The person spoke on condition of anonymity because the investigation is continuing.
Police blocked road access to Jorden's home in an isolated area of private Lake View homes near the Lake Erie shore. SWAT team members in camouflage arrived in unmarked SUVs. A helicopter flew over the house then left.
Earlier, a SWAT team was called in to search a building on the hospital grounds. As of Wednesday afternoon, that search had ended but police were still collecting evidence at the hospital.
Police Commissioner Daniel Derenda said the morning shooting wasn't a random act. Police searched the building adjacent to the hospital's main building for the shooter more than four hours after the victim was gunned down inside.
The shooting prompted a four-hour lockdown of the medical center's 65-acre campus that was lifted at around noon for all buildings except the one being searched by police. Incoming patients were diverted to another hospital during the lockdown.
Police haven't released any information on the victim, other than her age. They have released no information on the suspected gunman.
Police said the woman was shot several times shortly after 8 a.m. inside a building that houses outpatient services and offices.
A police helicopter circled over the medical center's campus, which includes a 550-bed hospital. Officials said as many as 400 patients and about half of the hospital's 2,000 employees were on the grounds at the time of the shooting.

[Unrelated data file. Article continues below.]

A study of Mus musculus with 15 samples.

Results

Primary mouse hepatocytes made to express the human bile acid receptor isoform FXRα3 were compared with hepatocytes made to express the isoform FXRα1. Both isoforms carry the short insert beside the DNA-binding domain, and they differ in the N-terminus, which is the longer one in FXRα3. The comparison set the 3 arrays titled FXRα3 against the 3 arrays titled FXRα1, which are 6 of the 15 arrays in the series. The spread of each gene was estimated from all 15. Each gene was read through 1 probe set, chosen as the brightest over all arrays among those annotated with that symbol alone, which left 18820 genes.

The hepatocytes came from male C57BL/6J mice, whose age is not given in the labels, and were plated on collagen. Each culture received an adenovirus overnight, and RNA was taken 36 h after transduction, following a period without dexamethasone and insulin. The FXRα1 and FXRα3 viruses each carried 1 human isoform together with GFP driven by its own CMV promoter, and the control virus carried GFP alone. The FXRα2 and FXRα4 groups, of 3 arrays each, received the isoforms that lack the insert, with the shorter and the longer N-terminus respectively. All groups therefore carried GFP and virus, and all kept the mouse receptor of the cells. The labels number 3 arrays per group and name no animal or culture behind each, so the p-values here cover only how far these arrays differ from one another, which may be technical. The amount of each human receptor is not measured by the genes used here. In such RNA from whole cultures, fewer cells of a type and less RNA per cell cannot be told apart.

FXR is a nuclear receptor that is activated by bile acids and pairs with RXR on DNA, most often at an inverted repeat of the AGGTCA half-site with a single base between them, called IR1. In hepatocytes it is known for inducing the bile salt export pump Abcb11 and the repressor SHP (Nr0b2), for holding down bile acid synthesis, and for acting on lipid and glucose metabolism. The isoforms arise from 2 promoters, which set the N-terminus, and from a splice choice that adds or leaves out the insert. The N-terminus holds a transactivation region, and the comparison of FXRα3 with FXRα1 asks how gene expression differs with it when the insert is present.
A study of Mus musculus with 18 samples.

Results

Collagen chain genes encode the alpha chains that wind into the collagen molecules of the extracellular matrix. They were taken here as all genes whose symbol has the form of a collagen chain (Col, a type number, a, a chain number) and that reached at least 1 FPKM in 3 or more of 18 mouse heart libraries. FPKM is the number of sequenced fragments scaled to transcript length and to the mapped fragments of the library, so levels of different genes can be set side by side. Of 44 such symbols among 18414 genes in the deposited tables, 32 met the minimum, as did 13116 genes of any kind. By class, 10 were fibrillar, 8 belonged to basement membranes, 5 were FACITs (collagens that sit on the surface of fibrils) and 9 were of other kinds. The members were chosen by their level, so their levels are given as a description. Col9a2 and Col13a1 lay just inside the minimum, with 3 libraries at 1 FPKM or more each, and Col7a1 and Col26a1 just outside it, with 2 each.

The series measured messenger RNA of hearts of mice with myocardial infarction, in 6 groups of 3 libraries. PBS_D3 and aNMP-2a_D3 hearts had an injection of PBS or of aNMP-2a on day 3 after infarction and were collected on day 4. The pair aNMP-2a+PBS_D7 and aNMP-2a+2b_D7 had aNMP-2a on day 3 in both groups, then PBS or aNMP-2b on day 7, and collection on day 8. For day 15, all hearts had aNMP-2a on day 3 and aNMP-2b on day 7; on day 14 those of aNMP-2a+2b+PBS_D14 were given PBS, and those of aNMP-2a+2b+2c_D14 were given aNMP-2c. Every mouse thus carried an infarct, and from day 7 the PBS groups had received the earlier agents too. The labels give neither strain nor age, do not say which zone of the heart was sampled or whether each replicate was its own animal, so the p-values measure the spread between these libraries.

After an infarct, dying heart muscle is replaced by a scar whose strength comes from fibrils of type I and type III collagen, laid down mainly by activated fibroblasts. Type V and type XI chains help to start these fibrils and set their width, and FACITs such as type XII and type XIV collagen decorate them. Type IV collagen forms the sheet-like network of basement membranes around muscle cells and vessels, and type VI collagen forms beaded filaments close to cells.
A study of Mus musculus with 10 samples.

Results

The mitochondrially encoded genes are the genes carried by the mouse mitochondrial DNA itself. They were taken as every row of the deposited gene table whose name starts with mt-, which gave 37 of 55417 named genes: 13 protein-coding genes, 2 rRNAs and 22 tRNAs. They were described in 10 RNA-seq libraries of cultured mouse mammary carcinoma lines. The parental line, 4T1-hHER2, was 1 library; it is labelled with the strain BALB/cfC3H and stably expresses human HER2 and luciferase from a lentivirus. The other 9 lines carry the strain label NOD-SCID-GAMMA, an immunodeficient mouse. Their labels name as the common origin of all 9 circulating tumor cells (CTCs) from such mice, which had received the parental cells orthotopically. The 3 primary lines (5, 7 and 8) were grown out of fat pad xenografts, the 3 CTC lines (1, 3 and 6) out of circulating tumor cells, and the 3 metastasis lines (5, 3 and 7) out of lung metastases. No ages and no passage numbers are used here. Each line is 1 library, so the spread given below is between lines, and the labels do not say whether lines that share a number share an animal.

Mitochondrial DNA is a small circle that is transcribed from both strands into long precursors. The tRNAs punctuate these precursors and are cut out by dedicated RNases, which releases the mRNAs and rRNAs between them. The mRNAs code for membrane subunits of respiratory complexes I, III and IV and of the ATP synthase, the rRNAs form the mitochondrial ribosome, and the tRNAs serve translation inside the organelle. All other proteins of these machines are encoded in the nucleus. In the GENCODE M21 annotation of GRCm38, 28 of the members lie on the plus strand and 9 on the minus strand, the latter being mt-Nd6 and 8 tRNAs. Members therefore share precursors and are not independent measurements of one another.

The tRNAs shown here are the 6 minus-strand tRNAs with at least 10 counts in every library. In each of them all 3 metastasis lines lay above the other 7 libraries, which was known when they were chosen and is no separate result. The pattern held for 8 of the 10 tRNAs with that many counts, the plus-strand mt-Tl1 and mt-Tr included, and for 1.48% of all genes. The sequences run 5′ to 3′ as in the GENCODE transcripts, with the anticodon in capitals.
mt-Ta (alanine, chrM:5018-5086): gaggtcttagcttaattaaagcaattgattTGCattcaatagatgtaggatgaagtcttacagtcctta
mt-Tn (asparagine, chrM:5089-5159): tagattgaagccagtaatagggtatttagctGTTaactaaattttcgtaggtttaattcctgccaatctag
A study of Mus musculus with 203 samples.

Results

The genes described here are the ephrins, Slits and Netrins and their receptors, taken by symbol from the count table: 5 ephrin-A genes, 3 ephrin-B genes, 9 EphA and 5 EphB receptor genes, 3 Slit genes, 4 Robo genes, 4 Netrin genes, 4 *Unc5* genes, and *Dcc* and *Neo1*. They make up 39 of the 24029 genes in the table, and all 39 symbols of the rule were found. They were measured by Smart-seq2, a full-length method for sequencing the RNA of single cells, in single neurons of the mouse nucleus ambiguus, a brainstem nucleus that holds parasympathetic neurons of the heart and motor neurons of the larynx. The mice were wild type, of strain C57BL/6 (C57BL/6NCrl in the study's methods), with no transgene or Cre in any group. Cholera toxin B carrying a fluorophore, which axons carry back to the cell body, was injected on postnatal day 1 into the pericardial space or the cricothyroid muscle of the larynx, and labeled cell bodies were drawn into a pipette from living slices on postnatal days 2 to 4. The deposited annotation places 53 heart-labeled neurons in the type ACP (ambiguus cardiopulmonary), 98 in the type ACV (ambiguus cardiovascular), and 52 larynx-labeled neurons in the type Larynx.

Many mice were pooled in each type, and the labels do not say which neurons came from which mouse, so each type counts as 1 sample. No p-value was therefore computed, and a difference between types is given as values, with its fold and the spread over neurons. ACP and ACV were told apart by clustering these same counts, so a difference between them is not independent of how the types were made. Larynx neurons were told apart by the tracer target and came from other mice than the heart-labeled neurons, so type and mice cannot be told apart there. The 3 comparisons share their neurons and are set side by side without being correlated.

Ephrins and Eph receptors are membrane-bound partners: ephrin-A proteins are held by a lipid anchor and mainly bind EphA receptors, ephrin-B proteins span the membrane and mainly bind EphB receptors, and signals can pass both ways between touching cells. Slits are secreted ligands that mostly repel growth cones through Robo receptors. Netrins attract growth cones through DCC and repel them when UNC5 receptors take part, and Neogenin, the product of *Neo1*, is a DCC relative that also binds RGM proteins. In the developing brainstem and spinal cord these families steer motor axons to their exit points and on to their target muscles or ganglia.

"Things are well under control by Buffalo police" and other law enforcement agencies involved in the investigation, Mayor Byron Brown said. He said state police, Erie County sheriff's deputies and suburban police departments were assisting.
"It's a very sad day for ECMC and our community," said Jody Lomeo, the medical center's chief executive officer. "Our thoughts and prayers are with the victim."
Nikita Patel, a 25-year-old University at Buffalo medical student from Los Angeles, said she arrived at the hospital about 9 a.m. for a class and was kept from entering. She texted fellow students inside the hospital to find out what was happening.
"They said they're locked in and can't get out of the hospital and I can't go in," Patel said.
Jorden received his certification from the American Board of Surgery in 2004. There are no legal actions against his license and he has no criminal background.
According to a 1996 profile in The Buffalo News, Jorden is certified in advanced-trauma life support and has received numerous awards recognizing his relationships with patients, his teaching skills and his involvement in the community.
The News reports that he is a Buffalo native who joined the National Guard in high school, went into the Army after graduation and served with the Army's Special Forces, first as a weapons expert, then as a medic. In those roles, he served in the Caribbean, Japan and Korea.